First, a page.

Updated 01/23/2013 05:23 PM
Controversy over vacant controller seat
A sudden death in office has left the City of Amsterdam with no controller. It has sparked controversy between the mayor and some common council members on what to do next. YNN's Maria Valvanis has more.
Mayor Thane said, “They need to start being responsible, the council and we need to get someone in place.”
Manfred Phemister was the only person to apply for the job. He ran unsuccessfully against Weirzbicki in 2011. Mayor Thane proposed a resolution to appoint Phemister, but the council rejected the idea in a three to two vote.
“This is an ongoing process that requires an educated person and skilled person that needs to be in place for years,” said City Councilman Dave Dybas.
Dybas says the job is far too complex to appoint someone this quickly. Even before Weirzbicki's passing, the city started looking for a deputy controller to share in the workload. But Mayor Thane says the city doesn't have any time to spare.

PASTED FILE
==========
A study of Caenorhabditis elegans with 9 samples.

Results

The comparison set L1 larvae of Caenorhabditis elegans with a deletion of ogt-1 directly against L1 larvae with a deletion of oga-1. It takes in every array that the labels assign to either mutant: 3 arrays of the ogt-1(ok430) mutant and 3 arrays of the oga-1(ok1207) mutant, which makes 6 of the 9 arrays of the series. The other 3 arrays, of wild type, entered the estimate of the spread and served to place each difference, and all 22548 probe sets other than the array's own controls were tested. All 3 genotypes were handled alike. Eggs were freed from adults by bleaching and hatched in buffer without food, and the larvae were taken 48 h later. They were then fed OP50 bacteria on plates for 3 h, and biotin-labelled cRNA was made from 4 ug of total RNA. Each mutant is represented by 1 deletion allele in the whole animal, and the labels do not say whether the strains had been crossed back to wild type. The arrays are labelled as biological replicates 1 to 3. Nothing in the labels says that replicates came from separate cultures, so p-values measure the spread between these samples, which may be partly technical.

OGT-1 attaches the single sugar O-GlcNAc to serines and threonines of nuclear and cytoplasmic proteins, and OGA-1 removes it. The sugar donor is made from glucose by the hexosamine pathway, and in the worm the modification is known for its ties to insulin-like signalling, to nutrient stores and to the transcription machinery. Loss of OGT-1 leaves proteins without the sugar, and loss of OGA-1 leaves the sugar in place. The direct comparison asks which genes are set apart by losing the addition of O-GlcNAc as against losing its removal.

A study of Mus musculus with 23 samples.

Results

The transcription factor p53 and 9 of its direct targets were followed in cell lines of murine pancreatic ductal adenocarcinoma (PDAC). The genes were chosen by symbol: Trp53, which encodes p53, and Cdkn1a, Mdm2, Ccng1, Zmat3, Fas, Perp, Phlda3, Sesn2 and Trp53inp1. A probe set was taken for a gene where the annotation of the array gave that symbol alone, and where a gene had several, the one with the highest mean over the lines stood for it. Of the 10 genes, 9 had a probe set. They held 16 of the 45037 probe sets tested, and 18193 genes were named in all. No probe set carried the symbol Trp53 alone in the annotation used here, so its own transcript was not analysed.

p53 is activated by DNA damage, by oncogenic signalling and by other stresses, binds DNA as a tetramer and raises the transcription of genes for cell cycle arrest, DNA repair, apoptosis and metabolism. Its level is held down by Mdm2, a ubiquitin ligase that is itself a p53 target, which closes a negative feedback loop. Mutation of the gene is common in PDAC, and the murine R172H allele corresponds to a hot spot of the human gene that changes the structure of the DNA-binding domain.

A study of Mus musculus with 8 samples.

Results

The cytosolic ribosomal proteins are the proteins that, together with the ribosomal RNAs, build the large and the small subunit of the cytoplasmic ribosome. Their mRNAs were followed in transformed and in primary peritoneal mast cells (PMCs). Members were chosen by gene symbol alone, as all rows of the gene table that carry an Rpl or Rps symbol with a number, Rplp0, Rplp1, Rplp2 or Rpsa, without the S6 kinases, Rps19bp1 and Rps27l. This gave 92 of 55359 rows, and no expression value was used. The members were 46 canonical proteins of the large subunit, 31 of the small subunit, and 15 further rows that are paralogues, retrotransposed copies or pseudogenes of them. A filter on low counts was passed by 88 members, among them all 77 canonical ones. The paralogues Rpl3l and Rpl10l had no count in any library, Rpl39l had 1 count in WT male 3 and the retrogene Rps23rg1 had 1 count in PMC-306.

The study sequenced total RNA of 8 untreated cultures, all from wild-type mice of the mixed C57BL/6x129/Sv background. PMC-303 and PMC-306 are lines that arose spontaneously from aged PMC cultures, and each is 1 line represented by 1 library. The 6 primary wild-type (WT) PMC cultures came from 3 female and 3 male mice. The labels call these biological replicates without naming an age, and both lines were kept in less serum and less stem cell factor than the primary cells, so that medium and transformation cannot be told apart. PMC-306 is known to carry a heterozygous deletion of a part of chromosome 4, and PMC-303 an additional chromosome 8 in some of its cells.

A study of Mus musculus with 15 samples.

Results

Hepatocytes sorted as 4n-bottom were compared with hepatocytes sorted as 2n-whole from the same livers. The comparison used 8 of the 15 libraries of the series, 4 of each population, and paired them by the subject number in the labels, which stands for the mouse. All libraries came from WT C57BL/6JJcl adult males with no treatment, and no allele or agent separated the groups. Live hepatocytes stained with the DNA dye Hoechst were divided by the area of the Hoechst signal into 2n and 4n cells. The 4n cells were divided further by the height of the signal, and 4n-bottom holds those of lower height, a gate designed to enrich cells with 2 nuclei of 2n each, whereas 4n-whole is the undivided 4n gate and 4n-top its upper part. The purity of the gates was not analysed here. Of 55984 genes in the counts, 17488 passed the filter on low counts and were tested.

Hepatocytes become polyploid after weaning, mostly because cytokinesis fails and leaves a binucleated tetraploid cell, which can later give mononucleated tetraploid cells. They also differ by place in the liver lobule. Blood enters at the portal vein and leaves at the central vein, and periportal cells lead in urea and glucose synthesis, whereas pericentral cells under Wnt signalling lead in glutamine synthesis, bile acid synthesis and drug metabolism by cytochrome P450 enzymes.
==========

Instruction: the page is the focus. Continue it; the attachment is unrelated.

“We are at a critical juncture here in the city. We had been converting our accounting software from one system to another system, we have a foreclosure in mid air, we have the budget starting in a week,” said Thane.
Dybas said, “There’s nobody qualified. I say we go ahead hire our deputy controller, put that person in place, let that person wade through what needs to be done.”
But Mayor Thane says if the council doesn’t appoint someone to take over this office by Monday, they're actually breaking the law.
“The council is expected to appoint someone that is 18 years old, someone that is a resident, someone that is a democrat, within a 30 day period,” said Mayor Thane.
Councilman Dybas says the charter law is outdated and corporation council has already begun to draft a new one.
Mayor Thane called a special meeting for Thursday night, hoping a re-vote will have different results.